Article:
The big ones to avoid…
We all make poor choices from time to time. And, when it comes to cash, this is easy to do if you don’t really understand a complex investment, for example, or your decisions are emotionally led. However, while many poor choices are easily recoverable from there are some that are so bad that you are always likely to regret them.
This is especially true if they affect your credit rating, which can take a long time to recover. Then it will be difficult to borrow money on a loan and you may even need to seek out loans for people with bad credit if you need money for an emergency such as a car repair.
Not saving for retirement
Pensionable age can seem like a long way away when you’re at college, starting your first job or even settling down and having a family. There are always costs and expenses to daily life that just seem more important than putting money away for your old age. However, retirement poverty is now a very real threat for a lot of people and could make your golden years very uncomfortable indeed.
Not living within your means
This is a skill that some people just never learn and the end result is always that budgets are overstretched and life is just one long series of trying to keep up financially. If you’re not living within your means that you’ll struggle to save and repay debt and you could find yourself in the same financial position at 40 as you were at 24. Living within your means is the simplest of skills to learn – make sure that what you spend never exceeds what you earn. And try to leave a buffer zone between the two.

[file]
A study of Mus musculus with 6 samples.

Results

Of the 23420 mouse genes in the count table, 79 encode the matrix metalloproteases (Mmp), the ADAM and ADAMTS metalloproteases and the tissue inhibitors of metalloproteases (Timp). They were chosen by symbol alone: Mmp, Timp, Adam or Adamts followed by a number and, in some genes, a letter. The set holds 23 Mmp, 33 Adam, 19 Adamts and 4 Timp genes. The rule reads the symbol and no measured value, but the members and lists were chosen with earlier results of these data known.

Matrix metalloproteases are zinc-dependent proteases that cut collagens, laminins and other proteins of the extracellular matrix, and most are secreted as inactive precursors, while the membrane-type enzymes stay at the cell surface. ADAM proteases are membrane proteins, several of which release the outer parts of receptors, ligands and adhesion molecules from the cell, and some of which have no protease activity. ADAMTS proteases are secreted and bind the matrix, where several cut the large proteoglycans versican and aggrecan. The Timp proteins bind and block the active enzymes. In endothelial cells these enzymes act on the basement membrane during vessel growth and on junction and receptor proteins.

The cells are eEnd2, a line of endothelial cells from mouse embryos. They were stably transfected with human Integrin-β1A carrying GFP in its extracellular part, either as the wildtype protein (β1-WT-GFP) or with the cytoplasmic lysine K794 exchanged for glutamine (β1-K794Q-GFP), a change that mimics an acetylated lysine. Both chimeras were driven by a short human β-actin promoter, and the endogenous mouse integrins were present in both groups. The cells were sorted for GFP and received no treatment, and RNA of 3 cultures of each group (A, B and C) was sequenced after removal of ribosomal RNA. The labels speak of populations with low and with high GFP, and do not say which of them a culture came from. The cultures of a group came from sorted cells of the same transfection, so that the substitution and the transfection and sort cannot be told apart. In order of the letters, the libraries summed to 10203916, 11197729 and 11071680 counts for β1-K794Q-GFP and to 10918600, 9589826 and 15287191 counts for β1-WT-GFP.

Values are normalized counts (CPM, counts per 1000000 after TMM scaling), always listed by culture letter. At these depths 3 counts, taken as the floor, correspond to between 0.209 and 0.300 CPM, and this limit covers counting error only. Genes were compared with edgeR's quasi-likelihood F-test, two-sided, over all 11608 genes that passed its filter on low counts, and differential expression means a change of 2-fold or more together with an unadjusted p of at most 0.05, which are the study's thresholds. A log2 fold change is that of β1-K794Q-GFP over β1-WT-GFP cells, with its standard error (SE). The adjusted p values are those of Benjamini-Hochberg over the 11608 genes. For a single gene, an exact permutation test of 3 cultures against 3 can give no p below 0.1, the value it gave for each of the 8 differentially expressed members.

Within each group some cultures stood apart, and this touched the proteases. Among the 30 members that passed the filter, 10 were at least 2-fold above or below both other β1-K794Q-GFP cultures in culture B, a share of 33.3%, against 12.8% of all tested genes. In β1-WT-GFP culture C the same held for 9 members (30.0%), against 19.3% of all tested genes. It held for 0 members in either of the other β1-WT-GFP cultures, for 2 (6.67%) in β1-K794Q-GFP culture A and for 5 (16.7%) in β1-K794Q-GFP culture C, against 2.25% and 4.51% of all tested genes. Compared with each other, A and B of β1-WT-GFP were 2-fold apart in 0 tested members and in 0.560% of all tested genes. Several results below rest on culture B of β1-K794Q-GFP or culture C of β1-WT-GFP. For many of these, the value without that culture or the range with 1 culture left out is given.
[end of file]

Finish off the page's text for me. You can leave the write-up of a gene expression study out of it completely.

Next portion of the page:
Buying a home that is unaffordable
Property prices have been soaring in recent years and even in spite of recent slowdowns they remain a stretch for most people. However, buying a home that you can’t really afford is a decision that could haunt you for many years to come. If house prices suddenly drop then you will end up with a property that is not worth what you paid for it. If interest rates shoot up then you may not be able to afford your mortgage and could be evicted. It’s always a much better idea to choose a property that you can afford.
Not prioritising debt repayment
There is very little that you can do in terms of setting big financial goals until you have paid off existing debts. You may have debts from education or just from life but it’s always a good idea to make it a priority to clear these as soon as possible. Otherwise, you could still be trying to pay these off when you’re applying for a mortgage or trying to find the money to launch a business.
Bankrolling other people
It could be siblings, partners or your children but becoming the cash cow for someone else is a financial decision that most people tend to regret later on. This isn’t the same as providing financial support on fair terms for those you love who need it. But if you’re basically paying for someone else’s lifestyle, the chances are that they will become dependent on that while draining your resources at the same time.